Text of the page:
Remember that movie with the guys in Vegas? Well this story is worse. I remember when I first began looking at prospective colleges when I was just a junior in high school. The main thing I dreaded over was how my family and I would afford to pay for college outside of scholarships and grant money. The answer was student loans. I was so excited when I chose the university I would attend and that my financial aid application was accepted. In my mind, like countless others, I rationalized my thinking on my future student loan debt by telling myself everyone does it and I’ll only borrow what I need. The promise of a great education, secure financial future, and a once in a lifetime opportunity to go away to college with the help of student loans can be a recipe for financial disaster. Unsuspecting students and society as a whole face consequences when we are not careful and diligent when it comes to investing in our future.
The total outstanding student loan debt now exceeds over $1 trillion and Americans as a whole now owe more in student loans than credit card debt and if you wish to know more than you can look up to https://zebraloans.co.nz/payday-loans/ for more information. At the time I signed my loan documents to help pay for school, I remember thinking that I was making an investment in my future and that it was for the greater good long term. I was convinced that this debt would be ‘good’ debt for me b/c once I started paying for them I’d be building my credit and I could always consolidate all the loans into one low monthly payment. One time in college when it was time to sign the documents to receive another student loan, the lady in the financial aid office told me I could get as much as I needed. To this day I can still recall an overwhelming desire to take out a lot more than I needed to have some fun with extra money even though it would all have to be paid back. After coming off of my temporary high, I began to think that this ‘free money’ should not be this easy to get for a college student. It was as if I were being given the key to a bank vault. I’ve personally known people who knowingly took out a lot more student loans than they needed simply because they could not because they needed it. Students today take out student loans for a lot more reasons other than paying for school because it’s readily available. Rent, clothes, spending money, etc are just some of those reasons.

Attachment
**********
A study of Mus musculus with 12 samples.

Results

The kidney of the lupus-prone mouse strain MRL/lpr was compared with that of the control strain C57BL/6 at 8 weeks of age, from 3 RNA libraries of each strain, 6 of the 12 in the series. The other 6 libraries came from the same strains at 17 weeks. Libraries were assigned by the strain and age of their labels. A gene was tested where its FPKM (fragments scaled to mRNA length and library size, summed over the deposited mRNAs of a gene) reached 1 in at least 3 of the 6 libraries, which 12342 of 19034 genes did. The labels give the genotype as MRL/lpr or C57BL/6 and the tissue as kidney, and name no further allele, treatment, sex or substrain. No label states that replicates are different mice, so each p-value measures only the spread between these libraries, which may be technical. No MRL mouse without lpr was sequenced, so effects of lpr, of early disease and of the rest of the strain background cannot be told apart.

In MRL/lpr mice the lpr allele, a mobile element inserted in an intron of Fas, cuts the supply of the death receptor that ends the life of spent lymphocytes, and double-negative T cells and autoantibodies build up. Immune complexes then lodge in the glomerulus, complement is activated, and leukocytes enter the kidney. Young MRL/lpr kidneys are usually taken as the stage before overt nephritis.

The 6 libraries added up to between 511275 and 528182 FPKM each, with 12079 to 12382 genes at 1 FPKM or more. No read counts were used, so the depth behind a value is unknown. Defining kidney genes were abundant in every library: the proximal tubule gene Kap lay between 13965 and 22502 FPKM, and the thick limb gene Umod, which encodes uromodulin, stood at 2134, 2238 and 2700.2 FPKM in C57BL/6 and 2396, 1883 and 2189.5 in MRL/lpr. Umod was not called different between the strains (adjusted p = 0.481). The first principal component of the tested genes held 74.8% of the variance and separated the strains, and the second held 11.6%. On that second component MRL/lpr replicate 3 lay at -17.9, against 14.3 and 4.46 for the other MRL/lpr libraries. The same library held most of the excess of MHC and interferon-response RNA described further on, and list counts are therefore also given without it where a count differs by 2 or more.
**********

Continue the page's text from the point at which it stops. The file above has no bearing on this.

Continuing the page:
Now that I look back on everything, Americans got drunk on student loans. The availability, deregulated interest rates, and overall need has convinced almost everyone who really wants to go to college that student loans are the best way to go to finance higher education. Society has brainwashed students into thinking that higher education is the best way to secure their future. With the average student backed into a financial wall, they turn to student loans to bridge the gap.
According to The Atlantic http://www.theatlantic.com/business/archive/2011/08/chart-of-the-day-student-loans-have-grown-511-since-1999/243821/, student loan debt has risen 511 % since 1999. There are 2 main reasons that have caused student loan debt to skyrocket: 1. the continual rising cost of college tuition and 2. over inflation of other college expenses. It’s no secret that the cost to attend college has increased significantly over the last 2 decades while Americans’ income has failed to keep pace. Each year it seems the public and private schools raise their tuition and fees. College expenses (books, housing, meal plans, admin. fees etc) are also over inflated. This over inflation is due to the availability of student loans. As long as they are available, these expenses will continue to rise b/c they know students will get the money to pay for them. The only way I see the problem can be fixed is for colleges and universities to cap their costs of tuition and fees as well as for the government and/or financial lending institutions to either cut the APR on student loans in half or charge no interest at all for a specific time period of the loan. There have been rumblings that student loan forgiveness should be put into law but that will only make things worse. Our society would end up being well educated but even more financially illiterate and irresponsible.
Americans in this country got drunk on student loans. Using them to pay for any and all other expenses other than education made it seem like the right thing to do at the time. Now that the hangover has set in (down economy, lack of jobs, deferment, creditor calls, late fees, etc.) it is a harsh reality for many Americans and it’s starting to take its toll. While student loans can be considered the new 21st Century gold rush, Americans got lazy and felt like they didn’t need to work or find alternative methods to help pay for their education b/c they could always obtain a student loan. Now that the ‘high’ is over, it’s time that Americans face the facts about the importance of having financial literacy, being more entrepreneurial minded, and work on saving more as a culture and society.